The current exhibition (May 2018) showing at The Photographers Gallery, in Soho, entitled, Under Cover: A Secret History of Cross-Dressers, proved highly relevant to my studio practice. The photographs were mostly borrowed from the personal archives of Sebastien Lifshitz, a filmmaker and photograph collector, and the images explore the notion of gender non-conformity and cross-dressing from 1880 to the present day. Unfortunately, the majority of individuals pictured remain unnamed and therefore the viewer is left wondering whether the figures were in fact defying gender conventions or simply dressing-up for the purpose of humour, or for paid work from a photographer. The authenticity of the scenes also receives another blow, as we are unaware of the provenance of the photographs, as many of the images were found in local car-boot sales and online websites, such as EBay. Creating staged scenarios for the sake of making interesting images is something which is commonplace in the art world and it has always been a struggle to determine fact from fiction. However, many would argue that this adds another layer to the work, as it forces the viewer to engage with the subjects in the photographs and decide for themselves whether images are, in fact, staged.

On the other hand, we are also provided with well-known (and documented) historical characters, such as Marie-Pierre Pruvot (Bambi), an Algerian-French transsexual woman. With a context to support the photographs, the viewer comes to form a clearer understanding of the individual in the image, which, for some, will help to connect with the characters on an emotional level. Further, the exhibition features people of different genders, nationalities and age groups and encompasses (as much as is possible) the notion of equality. 

Under Cover …  demands that the viewer consider the power of clothes and how our choice of clothing defines the role we are expected to play in society; in this way, the action is performative. We are left considering the transformative nature of fabric and how this medium could play a role in how we view the trans community. ‘The brilliance of the exhibition is it shows the great variety of ways people have used ‘male’ or ‘female’ clothes to construct identity’ (TimeOut: 2018). The viewer is asked to re-think societal norms towards cross-dressing and the trans community and to consider the prospect of a future where gender is an unknown and uncelebrated concept. The discussion of these critically important and current topics was encouraged and facilitated by a comments board which asked people to comment on their views in response to the question, ‘How much of our gender is a performance?’ Responses varied slightly, but coherently followed the theme that gender was an outdated concept and is wholly performative, with one, unidentified participant commenting, ‘All of my gender is a performance - for a social construct perpetuated by the patriarchy and heteronormality’.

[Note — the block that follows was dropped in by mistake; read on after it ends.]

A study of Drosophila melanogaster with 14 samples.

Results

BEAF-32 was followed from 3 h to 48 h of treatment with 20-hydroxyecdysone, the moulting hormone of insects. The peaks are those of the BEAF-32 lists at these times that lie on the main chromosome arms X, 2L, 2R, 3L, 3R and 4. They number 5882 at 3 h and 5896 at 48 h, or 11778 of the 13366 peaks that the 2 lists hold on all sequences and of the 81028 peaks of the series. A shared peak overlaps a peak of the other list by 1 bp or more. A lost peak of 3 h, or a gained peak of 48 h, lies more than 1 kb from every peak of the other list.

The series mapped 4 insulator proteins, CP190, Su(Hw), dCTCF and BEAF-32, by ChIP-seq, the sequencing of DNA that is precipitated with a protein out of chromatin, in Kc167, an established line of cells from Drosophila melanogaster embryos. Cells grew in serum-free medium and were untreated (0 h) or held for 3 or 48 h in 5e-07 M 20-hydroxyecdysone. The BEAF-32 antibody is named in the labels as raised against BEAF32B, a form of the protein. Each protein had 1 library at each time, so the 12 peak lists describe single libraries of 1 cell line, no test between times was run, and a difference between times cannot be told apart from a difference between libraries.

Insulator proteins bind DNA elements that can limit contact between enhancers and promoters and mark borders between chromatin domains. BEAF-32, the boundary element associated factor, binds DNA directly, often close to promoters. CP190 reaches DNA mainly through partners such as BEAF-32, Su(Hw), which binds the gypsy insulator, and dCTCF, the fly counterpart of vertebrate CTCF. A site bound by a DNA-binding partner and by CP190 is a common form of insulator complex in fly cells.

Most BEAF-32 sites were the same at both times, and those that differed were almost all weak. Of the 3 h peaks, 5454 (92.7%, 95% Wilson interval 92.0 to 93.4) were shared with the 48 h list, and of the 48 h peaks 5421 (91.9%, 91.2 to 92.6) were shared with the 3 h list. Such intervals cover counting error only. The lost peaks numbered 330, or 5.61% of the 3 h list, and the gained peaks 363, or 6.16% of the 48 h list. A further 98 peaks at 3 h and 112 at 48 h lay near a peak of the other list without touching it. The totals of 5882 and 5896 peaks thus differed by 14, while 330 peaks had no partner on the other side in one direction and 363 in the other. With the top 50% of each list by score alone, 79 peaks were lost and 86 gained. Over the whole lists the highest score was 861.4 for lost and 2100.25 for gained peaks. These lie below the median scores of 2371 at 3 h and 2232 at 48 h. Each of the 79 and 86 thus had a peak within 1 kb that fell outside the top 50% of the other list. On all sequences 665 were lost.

The ambiguity surrounding gender extended to the gallery’s bathroom facilities, where toilets catered for those who identify as transgender or gender neutral. This initially indicated to the participant that the gallery supported the trans community, though one was left wondering whether the toilet signs had been altered specifically for the show in order to support the current exhibition. Either way, the sign itself was an interesting extension of the exhibition and would not have been out of place in the show itself. If anything, it acted as a contrast to the mostly old images where transgender acts were viewed as taboo and were an unbreachable subject for both academic and secular discussion. Undoubtedly, the choice of the diagonal lines on the toilet sign was deliberately chosen in order to contrast with its linear neighbours, who represent the rigidity of stereotypical heterosexual norms. 

Walking away from the show, I felt exhausted by the intellectual battle that my own thoughts had subjected me to, and I was left with the desire to seek out more of these images so that I could further my investigations. The social stigma which still surrounds the trans community is something which my current studio practice addresses directly, and Under Cover … has undoubtedly aided my studies.